Associate Professor Heather Roberts, Australian National University Law School
November 27, 2019
MST.09.022, Board Room, School of Law, QUB
This paper explores the varied ways in which the identities and stories of Australian women judges have been framed by the speeches made at judicial swearing-in ceremonies. Drawing on my original archival research from the first national study of judges’ swearing-in ceremonies, the paper demonstrates how these stories tell a history of women in the legal profession in Australia. The paper draws on a series of case studies to explore key recurring themes, including: ‘First women’, and narratives of difference; the judges’ relationships with ‘helpful men’ and questions of gender-based discrimination; and, feminist identities in the era of #metoo. It argues that the ceremonies tell a story that both responds to and reinscribes the prevailing assumptions regarding gender and judging in Australia, and one which resonates with histories of women in the law in other common law jurisdictions.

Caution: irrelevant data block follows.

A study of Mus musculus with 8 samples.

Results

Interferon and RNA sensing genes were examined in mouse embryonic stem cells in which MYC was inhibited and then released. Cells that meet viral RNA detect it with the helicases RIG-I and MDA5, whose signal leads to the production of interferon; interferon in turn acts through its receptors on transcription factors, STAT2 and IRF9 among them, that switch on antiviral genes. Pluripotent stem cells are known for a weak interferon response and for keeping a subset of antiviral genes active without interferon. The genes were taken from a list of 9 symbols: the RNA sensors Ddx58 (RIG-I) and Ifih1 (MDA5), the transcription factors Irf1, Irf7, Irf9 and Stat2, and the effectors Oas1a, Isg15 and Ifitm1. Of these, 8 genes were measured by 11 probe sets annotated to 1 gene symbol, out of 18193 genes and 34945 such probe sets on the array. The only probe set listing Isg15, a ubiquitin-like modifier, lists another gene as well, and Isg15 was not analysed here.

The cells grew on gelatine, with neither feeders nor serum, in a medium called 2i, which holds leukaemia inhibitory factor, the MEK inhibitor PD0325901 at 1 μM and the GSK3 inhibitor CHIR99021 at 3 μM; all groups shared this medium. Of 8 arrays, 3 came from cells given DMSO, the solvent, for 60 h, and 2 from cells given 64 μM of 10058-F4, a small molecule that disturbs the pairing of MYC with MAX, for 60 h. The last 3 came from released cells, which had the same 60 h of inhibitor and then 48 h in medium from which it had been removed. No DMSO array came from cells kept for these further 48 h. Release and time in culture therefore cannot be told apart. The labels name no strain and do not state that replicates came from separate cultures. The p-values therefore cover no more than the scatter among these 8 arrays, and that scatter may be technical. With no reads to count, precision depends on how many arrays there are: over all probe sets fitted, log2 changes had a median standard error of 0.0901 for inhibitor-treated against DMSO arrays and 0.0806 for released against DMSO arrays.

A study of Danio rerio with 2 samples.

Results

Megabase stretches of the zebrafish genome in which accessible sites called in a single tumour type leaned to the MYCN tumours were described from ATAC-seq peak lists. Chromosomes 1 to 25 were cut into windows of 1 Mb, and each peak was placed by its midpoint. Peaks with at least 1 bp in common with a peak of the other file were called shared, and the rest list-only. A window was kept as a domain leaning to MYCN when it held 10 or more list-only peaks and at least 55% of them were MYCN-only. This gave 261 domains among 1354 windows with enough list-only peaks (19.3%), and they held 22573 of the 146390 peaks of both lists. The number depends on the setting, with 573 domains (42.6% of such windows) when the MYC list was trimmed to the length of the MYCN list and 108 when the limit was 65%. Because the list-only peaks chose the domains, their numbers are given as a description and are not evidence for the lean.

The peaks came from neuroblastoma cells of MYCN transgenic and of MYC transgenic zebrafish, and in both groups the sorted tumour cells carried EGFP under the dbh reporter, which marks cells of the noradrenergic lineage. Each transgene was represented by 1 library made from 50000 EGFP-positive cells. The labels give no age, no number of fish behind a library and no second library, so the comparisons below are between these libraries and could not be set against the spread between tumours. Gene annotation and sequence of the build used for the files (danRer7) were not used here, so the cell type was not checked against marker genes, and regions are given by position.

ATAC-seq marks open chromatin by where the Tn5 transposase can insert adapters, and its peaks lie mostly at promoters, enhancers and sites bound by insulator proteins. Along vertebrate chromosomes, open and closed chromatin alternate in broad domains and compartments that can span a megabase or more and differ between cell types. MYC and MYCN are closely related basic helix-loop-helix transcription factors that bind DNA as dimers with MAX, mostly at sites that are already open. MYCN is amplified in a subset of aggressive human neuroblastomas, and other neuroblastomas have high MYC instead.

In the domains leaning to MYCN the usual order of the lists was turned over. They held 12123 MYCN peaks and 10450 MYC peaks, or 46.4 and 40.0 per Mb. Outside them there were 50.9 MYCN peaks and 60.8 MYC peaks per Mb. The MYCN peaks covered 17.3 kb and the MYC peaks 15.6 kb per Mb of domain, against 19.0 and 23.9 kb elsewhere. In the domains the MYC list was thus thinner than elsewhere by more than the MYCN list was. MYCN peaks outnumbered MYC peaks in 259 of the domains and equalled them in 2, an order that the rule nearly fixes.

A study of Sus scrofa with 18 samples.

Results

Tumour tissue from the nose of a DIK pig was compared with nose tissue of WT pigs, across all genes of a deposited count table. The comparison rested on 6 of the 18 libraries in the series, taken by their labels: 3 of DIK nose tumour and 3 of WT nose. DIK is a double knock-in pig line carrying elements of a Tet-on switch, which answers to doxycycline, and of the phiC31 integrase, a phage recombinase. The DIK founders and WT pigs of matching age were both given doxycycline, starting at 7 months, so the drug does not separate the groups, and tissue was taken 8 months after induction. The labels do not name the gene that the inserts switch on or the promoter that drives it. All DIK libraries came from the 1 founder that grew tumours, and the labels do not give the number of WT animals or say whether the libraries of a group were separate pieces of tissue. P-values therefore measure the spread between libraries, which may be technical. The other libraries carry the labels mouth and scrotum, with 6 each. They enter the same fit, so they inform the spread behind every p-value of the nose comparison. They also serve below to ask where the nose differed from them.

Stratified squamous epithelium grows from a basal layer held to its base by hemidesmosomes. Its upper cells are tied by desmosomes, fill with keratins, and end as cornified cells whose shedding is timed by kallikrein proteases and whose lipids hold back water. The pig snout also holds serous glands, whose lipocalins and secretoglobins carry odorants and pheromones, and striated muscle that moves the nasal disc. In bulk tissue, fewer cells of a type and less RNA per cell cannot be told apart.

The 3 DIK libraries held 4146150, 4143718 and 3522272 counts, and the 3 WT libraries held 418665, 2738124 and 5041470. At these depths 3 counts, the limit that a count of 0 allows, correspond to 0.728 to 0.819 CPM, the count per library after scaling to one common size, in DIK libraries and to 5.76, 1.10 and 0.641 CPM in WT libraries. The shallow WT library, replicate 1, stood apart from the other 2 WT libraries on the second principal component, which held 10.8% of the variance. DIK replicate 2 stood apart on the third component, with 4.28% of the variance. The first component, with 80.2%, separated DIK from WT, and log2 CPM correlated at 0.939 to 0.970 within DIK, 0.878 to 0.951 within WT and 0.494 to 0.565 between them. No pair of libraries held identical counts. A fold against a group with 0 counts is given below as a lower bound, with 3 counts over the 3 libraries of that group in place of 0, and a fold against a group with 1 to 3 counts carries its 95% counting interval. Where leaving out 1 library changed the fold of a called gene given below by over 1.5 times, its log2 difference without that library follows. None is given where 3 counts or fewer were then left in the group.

Professor Roberts’ current research project interrogates the changing expectations of judges and judging in Australia, through the lens of judicial swearing-in ceremonies in Australia. Drawing on original archival research, the project examining over 900 ceremonies from across Australia’s federally divided State and Territory Supreme Courts, examining over 900 ceremonies from across Australia’s federally divided State and Territory Supreme Courts, going back to federation in 1901. It explores the geographic, historical, and gender-based differences across this archive, as well as differences in stakeholder expectations of judges and judging (that is, the expectations of the executive, the legal profession, and the judiciary itself) as recorded in these ceremonial proceedings. The project is funded by an Australian Research Council Fellowship. Some of her other work has included a discourse and narrative analysis of Australian High Court judgments, particularly in the context of implied constitutional rights and national identities, and intellectual history/biography and Australian High Court judges (particularly focusing on constitutional law). She also hosts the ANU Law visiting Judges program, and integrates judicial visitors into the teaching of core courses.